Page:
January 23, 2020

Transgender teens who were able to receive treatments to suppress puberty were less likely to ever consider suicide, researchers found.

High levels of anxiety and depression are common among transgender youths, and studies have found as many as 40% of transgender adults have ever attempted suicide, according to “Pubertal Suppression for Transgender Youth and Risk of Suicidal Ideation,” (Turban JL, et al. Pediatrics. Jan. 23, 2020,

The AAP, Endocrine Society and World Professional Association for Transgender Health support providing transgender adolescents gender-affirming care. This includes gonadotropin-releasing hormone analogs that temporarily block puberty by stopping the production of testosterone and estrogen.

Researchers analyzed data from the National Center for Transgender Equality’s 2015 U.S. Transgender Survey to look more closely at the impact of such therapy on the mental health of people who are transgender.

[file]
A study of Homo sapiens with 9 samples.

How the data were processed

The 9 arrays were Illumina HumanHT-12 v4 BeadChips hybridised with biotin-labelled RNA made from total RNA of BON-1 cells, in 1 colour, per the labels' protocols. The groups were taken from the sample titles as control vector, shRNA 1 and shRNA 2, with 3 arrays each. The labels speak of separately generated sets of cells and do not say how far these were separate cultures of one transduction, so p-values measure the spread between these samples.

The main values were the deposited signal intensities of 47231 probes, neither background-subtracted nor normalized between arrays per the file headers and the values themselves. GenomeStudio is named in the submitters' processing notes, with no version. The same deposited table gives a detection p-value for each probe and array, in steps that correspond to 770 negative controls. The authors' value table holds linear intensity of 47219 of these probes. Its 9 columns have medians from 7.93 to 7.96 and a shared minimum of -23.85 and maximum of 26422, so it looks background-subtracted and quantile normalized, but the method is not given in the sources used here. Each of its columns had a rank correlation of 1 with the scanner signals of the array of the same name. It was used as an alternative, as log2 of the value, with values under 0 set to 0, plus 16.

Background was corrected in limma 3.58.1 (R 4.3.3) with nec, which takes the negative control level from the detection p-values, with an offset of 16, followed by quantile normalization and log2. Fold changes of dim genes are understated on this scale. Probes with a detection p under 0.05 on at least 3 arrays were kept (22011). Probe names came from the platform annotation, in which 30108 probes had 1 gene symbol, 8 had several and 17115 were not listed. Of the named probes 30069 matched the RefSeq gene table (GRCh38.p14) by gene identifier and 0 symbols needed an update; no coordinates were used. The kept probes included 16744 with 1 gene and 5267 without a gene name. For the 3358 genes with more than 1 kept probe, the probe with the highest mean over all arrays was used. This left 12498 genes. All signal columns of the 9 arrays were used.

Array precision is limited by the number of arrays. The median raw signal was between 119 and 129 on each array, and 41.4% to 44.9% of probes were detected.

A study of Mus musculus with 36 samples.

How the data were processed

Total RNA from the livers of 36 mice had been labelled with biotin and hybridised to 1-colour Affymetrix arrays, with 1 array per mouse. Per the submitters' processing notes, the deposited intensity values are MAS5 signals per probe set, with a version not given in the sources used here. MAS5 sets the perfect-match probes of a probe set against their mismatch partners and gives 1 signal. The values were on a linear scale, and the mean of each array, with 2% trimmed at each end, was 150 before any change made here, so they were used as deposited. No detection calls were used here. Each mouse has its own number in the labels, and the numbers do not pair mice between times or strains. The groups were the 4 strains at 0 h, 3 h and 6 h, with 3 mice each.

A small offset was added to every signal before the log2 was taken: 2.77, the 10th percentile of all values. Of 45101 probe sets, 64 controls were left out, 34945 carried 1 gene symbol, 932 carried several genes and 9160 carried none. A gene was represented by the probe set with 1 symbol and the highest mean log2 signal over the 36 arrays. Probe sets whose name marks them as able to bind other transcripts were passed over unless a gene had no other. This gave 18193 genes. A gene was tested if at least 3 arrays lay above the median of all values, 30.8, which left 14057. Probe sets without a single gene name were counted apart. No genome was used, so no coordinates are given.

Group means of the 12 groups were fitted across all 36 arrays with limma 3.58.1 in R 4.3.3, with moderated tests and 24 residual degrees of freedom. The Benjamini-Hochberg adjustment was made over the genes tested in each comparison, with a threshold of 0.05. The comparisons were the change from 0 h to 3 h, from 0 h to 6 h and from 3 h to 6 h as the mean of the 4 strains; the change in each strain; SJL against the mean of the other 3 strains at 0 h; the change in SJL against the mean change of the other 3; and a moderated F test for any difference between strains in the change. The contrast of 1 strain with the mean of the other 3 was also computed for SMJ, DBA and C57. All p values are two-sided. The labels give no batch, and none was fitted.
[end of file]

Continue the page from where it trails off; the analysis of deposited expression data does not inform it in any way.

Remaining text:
Among 20,619 transgender adults, 17% reported wanting pubertal suppression. Of those, 2.5% received it, according to the study.

Those getting the treatment were more likely to be younger, assigned male sex at birth, heterosexual, have a higher household income and have greater family support compared to those who wanted it but did not receive it. They also were less likely to have suicidal ideation.

“Given that suicidal ideation alone is a known predictor of future suicide attempts and deaths from suicide, the current results warrant particular concern,” authors wrote.

The study may not have had enough people to detect differences in suicide attempts and did not include data on suicides.

Authors said pubertal suppression therapy offers teens a course of action that is not permanent.

“Some have also theorized that gender-affirming medical care may have mental health benefits separate from their physical effects,” they wrote, “because it provides implied affirmation for gender identity from clinicians, which may in turn buffer against minority stress.”